28/02/2018 10:27 SAST | Updated 28/02/2018 10:45 SAST

Dudu Myeni Texts State-Capture Inquiry To Say She Won't Be Attending

MPs were not impressed by the former SAA boss' delaying tactics via SMS to duck their investigation into possible criminality at the parastatal.

Dudu Myeni.
Dudu Myeni.

Former SAA chairperson Dudu Myeni on Wednesday failed to appear before the parliamentary inquiry into state capture, apologising for her no-show via text message.

"We were expecting her today. She is not coming," chair Zukiswa Rantho told MPs.

"We wrote her a letter, inviting her to this inquiry. She responded by writing SMSes, and kept on exchanging SMSes with the secretary of the committee."

Rantho said Myeni had said in the SMSes that her lawyer had "arrived yesterday", and was not familiar with the inquiry and its terms.

"She will therefore write to us when she has done her work with the lawyer. She apologised by SMS," Rantho said, noting that the committee had, in good time, sent Myeni a formal letter inviting her to attend the inquiry.

"Someone is playing a little game."

MPs serving on the inquiry were not impressed.

The African Christian Democratic Party's Steve Swart said it was yet another example of a witness being given due notice, but failing to pitch.

"I suggest we issue a subpoena," he said.

The Inkatha Freedom Party's Narend Singh suggested the committee write another letter to Myeni warning her to appear next week.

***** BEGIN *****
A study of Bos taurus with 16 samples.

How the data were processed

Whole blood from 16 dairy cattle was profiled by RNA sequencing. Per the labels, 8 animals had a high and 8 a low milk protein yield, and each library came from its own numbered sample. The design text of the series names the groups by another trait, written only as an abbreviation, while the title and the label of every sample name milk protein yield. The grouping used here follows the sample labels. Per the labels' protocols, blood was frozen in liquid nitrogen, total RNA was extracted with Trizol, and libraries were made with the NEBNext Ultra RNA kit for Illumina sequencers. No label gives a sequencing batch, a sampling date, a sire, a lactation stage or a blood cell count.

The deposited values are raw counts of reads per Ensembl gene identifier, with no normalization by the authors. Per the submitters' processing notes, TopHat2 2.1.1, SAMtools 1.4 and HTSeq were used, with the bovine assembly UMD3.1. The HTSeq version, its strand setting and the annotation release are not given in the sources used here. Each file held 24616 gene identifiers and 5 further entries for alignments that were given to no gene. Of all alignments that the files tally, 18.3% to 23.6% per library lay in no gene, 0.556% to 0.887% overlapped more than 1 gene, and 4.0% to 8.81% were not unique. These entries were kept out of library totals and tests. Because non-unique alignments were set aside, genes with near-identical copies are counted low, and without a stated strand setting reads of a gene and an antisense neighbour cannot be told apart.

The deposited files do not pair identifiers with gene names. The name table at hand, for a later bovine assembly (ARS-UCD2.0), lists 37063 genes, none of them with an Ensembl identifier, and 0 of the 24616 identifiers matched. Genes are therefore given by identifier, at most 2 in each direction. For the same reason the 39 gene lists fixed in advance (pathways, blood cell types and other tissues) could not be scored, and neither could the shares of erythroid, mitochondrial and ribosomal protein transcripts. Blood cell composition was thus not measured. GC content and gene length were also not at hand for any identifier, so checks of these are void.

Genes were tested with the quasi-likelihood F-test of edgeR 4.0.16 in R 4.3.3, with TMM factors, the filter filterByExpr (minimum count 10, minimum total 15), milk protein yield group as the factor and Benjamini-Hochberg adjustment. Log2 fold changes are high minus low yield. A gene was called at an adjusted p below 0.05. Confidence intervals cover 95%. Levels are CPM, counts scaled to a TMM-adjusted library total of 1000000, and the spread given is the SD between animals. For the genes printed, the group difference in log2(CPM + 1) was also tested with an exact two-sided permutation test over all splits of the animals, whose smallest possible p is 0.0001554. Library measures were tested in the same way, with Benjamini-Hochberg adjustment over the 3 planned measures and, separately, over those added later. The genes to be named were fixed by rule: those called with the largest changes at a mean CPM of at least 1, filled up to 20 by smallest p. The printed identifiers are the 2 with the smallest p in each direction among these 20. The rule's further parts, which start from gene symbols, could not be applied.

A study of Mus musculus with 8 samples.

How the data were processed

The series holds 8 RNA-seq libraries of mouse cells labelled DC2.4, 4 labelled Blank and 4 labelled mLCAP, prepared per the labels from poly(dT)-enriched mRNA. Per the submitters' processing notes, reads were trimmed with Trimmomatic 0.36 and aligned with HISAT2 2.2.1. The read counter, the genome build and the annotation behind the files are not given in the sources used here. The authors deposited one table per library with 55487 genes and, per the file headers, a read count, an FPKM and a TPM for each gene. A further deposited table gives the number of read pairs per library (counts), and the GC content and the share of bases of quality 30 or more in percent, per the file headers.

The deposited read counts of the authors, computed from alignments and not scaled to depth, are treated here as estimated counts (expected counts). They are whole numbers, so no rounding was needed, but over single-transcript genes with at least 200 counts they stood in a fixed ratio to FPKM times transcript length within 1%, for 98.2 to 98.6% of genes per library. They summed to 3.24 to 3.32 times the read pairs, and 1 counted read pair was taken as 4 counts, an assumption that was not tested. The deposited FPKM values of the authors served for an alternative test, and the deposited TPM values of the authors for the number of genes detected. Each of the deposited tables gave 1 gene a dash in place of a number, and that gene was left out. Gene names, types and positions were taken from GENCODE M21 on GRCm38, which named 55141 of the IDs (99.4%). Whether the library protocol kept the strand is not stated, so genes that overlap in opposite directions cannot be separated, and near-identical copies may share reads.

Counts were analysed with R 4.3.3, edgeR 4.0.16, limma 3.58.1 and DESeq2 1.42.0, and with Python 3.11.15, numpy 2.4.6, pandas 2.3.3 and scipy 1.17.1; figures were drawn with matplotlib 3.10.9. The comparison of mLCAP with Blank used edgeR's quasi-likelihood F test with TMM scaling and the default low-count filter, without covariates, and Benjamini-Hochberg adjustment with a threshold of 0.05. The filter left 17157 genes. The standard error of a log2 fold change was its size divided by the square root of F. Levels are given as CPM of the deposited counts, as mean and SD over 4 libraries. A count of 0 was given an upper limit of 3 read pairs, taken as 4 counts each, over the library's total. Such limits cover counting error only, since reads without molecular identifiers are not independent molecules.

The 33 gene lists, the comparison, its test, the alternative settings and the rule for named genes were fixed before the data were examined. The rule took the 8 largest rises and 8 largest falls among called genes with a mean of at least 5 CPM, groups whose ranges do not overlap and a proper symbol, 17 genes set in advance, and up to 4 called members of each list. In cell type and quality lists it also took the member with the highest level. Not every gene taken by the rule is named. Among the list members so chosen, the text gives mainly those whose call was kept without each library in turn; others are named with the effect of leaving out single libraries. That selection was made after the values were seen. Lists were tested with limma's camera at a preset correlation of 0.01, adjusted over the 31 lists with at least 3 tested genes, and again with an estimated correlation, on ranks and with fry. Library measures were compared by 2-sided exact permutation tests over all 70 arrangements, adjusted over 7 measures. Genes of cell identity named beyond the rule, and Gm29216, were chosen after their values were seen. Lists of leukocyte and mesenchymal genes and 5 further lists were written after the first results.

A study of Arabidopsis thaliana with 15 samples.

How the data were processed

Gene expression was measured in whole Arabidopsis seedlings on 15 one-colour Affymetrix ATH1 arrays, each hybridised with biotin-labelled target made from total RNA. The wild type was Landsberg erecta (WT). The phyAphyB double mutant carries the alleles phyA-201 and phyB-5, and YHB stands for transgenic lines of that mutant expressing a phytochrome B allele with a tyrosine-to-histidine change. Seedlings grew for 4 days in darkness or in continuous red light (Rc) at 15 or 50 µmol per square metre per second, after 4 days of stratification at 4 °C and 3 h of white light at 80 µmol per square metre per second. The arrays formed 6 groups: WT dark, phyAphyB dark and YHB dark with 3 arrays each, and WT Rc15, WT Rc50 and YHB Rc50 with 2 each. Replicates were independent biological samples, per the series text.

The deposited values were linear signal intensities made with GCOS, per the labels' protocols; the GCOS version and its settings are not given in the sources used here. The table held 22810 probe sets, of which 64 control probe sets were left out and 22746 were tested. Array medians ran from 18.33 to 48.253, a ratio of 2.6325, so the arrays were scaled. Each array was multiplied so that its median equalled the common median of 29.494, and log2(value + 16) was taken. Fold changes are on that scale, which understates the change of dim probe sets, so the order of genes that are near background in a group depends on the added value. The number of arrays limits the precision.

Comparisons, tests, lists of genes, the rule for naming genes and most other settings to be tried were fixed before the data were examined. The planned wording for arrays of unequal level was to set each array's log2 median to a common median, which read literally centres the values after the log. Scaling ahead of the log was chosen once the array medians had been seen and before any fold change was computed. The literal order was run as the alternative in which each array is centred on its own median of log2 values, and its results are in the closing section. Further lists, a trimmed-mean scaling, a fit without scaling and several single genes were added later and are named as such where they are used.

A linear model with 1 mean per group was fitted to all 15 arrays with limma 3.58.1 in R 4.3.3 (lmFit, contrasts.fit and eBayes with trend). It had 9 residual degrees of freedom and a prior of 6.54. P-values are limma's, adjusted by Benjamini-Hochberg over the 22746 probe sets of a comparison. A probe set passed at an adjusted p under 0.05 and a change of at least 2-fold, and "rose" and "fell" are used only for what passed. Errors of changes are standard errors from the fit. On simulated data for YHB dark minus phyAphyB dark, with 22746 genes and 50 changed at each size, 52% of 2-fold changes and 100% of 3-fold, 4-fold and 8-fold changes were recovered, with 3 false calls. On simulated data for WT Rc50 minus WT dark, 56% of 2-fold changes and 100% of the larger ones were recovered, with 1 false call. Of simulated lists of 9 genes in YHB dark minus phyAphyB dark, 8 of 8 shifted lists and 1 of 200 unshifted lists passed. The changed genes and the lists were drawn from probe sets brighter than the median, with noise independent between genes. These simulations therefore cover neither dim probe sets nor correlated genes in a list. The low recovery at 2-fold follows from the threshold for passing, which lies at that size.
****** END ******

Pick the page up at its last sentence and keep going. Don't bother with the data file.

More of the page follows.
The DA's Natasha Mazzone was reluctant to cut the controversial Myeni that much slack, calling "for a summons to be issued immediately".

She suggested Myeni was employing delaying tactics.

"Someone is playing a little game," she said.

Rantho said the matter would be looked at by the inquiry's legal team.

In testimony before the inquiry late last year, former Eskom board chair Zola Tsotsi implicated Myeni in state capture at Eskom.

He told the inquiry at the time that Myeni called him to a meeting with then-president Jacob Zuma in March 2015 to discuss the suspension of three executives at the power utility.

"I was called by Dudu Myeni. She said that I should avail myself for an audience with the president, and declined to discuss any details over the phone.

"On or about March 7, 2015, I arrived at the Durban presidential residence and was met by Dudu Myeni, her son Thalente, and a certain Mr Nick Lennell, who was introduced to me as a lawyer."

Tsotsi said Myeni had told him that financial stress and poor technical performance warranted an inquiry at Eskom.

Further, she said that three executives – acting chief executive Tshediso Matona, group executive for group capital Dan Marokane, and group executive for commercial Matshela Koko – had to be suspended.

Tsotsi said he had warned that this was a recipe for "inducing instability" at Eskom, but Myeni had retorted that the decline in the utility's performance had made such an inquiry essential, and the suspensions would not create difficulties.

Zuma then entered the room.

"He requested to know what was up for discussion, whereupon Ms Myeni repeated what she had previously stated. The president then enquired if I knew who the executives are who were to be suspended, to which I responded that I would prefer that I consult the HR rules of the company to check if there is provision for recusals, rather than suspensions, to achieve the same objective."

Myeni had then said Lennell had helped her with a similar situation at SAA.

"Mr Lennell then proposed that he draft a resolution for me to present to the board setting out the rationale for the inquiry. The meeting [then] ended."